What is an x-ray?
Conventional diagnostic radiology, also known as radiography, is most commonly known as x-ray. An x-ray is a picture of the inside of your child’s body. X-rays:
- use small doses of ionizing radiation to produce diagnostic pictures of the human body
- are the oldest and most frequently used form of medical imaging
- are fast and easy to obtain, making them particularly useful in emergency diagnoses
How Boston Children’s Hospital approaches conventional diagnostic radiology (x-ray)
Diagnostic radiology at Boston Children’s is designed to facilitate high-quality and rapid x-ray examinations using the lowest possible radiation doses for your child, no matter her size, age, or medical condition. Our division has:
- Highly trained pediatric radiologists have expertise in interpreting x-rays in children of all ages.
- Technologists have years of experience in imaging children from infancy to teenagers.
- Skilled staff employ age-appropriate distraction techniques to help comfort patients prior to and during the procedure.
- Equipment is designed specifically for pediatric use, which means age-appropriate care for children.
- Protocols have been adapted to keep radiation exposure as low as reasonably achievable without compromising the image quality.
What is conventional diagnostic radiology (X-ray)?
An x-ray is a picture taken of your child’s bones and organs by a large camera that uses radiation to take pictures of the inside of her body. The images are created when the x-ray passes through her bone and tissues onto a digital-image recording plate.
When is an x-ray needed?
X-rays are commonly used to assist physicians in the diagnosis and assessment of many conditions, including:
How should I prepare my child for an x-ray?
There is no special preparation required for most x-rays. Your child can eat and drink as she usually does unless you are given specific instructions when you make the appointment.
It is helpful to:
- Give your child a simple explanation as to why she needs an x-ray.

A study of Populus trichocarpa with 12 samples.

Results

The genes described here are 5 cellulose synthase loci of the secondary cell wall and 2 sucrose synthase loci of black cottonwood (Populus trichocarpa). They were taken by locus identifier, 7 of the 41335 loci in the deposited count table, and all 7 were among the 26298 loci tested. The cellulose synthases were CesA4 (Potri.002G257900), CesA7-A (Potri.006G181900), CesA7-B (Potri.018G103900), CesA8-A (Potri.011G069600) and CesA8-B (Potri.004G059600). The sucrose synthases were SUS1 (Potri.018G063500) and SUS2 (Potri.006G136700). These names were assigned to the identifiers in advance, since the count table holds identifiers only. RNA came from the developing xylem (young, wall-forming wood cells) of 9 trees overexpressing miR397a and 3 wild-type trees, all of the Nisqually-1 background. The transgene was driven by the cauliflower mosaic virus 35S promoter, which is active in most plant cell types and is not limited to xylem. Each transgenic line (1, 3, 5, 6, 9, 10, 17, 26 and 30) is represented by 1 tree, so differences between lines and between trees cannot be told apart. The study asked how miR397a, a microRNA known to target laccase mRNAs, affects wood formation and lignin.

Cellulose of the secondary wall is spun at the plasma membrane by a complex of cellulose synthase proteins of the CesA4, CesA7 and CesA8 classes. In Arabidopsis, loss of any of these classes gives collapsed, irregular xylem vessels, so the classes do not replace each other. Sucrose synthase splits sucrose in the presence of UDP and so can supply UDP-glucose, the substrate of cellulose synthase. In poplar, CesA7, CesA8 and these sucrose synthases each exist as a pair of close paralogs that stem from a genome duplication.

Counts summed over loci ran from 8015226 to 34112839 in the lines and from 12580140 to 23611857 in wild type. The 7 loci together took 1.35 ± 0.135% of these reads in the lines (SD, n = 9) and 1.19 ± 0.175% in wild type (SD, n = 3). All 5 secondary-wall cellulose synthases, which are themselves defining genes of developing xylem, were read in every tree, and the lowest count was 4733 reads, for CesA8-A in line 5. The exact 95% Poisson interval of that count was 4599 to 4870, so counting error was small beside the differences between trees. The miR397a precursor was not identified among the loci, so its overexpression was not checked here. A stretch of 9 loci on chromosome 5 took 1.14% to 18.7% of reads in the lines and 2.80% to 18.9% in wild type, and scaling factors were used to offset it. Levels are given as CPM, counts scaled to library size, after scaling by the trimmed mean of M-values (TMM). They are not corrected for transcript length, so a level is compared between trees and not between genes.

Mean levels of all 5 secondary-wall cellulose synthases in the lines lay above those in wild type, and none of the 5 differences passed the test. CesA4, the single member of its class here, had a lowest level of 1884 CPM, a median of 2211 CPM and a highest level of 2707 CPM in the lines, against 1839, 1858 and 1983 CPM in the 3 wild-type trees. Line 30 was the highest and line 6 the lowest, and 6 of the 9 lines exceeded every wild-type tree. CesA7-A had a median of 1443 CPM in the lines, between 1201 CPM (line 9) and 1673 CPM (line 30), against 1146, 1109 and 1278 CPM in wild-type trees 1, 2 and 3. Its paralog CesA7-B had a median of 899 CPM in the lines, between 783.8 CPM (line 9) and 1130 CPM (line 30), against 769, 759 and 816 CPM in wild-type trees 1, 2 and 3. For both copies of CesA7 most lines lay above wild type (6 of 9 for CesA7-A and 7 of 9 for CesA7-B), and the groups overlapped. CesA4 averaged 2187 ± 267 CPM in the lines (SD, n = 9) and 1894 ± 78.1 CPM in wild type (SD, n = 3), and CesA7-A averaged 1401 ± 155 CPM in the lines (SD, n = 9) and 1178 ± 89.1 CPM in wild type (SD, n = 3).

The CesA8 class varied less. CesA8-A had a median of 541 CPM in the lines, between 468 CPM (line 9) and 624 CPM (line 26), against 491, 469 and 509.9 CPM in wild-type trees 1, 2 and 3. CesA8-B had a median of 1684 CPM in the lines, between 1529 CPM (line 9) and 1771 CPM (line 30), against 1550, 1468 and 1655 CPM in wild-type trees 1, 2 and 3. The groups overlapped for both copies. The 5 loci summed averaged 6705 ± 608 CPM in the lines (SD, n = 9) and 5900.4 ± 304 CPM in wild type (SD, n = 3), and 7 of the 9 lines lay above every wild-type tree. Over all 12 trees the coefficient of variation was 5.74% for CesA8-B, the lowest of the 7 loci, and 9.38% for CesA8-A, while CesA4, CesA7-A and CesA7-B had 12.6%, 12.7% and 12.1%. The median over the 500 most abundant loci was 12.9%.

- Assure your child that you will be there for the entire time. If you are pregnant, you will not be able to be next to your child when x-rays are taken. Bring another family member or friend to stay with your child.
- Bring your child’s favorite book, toy, or comforting object to occupy her while you wait.
What should I expect when I bring my child to the hospital for an x-ray?
When you arrive, please go to the Radiology check-in desk.
- A patient experience representative will check in your child and verify his or her registration information.
- Your child may be asked to change into a gown for his or her examination.
- Your child will need to remove any jewelry, eyeglasses, and any other metal objects that could obscure the images.
- Women should tell the technologist if there is any chance she could be pregnant.
What happens during the x-ray?
A technologist will bring you and your child into the x-ray room. Your child will be awake at all times. The technologist will:
- ask you and your child some screening questions
- position your child on the x-ray table and place the digital recording plate under the table in the area of the body being imaged
- use pillows or other positioning devices to help your child maintain the proper position
- place a lead apron over your child’s pelvic area or breasts when possible to protect him/her from radiation
The x-ray will be taken by a large camera. The technologist will operate the x-ray machine from behind a wall in the room. Often, more than one x-ray is taken.
- Your child will be asked to sit, stand, or lie very still while the x-ray is being taken.
- Your child may be asked to hold her breath for a few seconds while the x-ray is taken.
The length of time needed to do each x-ray depends on the type of x-ray that was ordered for your child. A typical x-ray takes about 10 minutes for positioning, while the actual x-ray exposure takes less than a second.
Will my child feel anything?
There is no pain associated with having an x-ray. Your child may need to remain in an uncomfortable position for a short time while the x-ray is taken, but that discomfort is brief.
What are the risks of x-ray?
The benefit of an accurate diagnosis far outweighs the exposure to radiation that occurs during an x-ray. Because children are more sensitive to radiation exposure than adults, Boston Children’s Hospital specialists have been leaders in adjusting equipment and procedures to deliver the lowest possible dose to young patients.
What happens after the x-ray?
When the x-ray is done, your child will be ready to go home or see her doctor if an appointment is scheduled. One of the radiologists will review your child’s images and create a written report of the findings and diagnosis.
How do I learn the results?
The radiologist will provide a report to the doctor who ordered your child’s x-ray. The doctor will then discuss the results with you.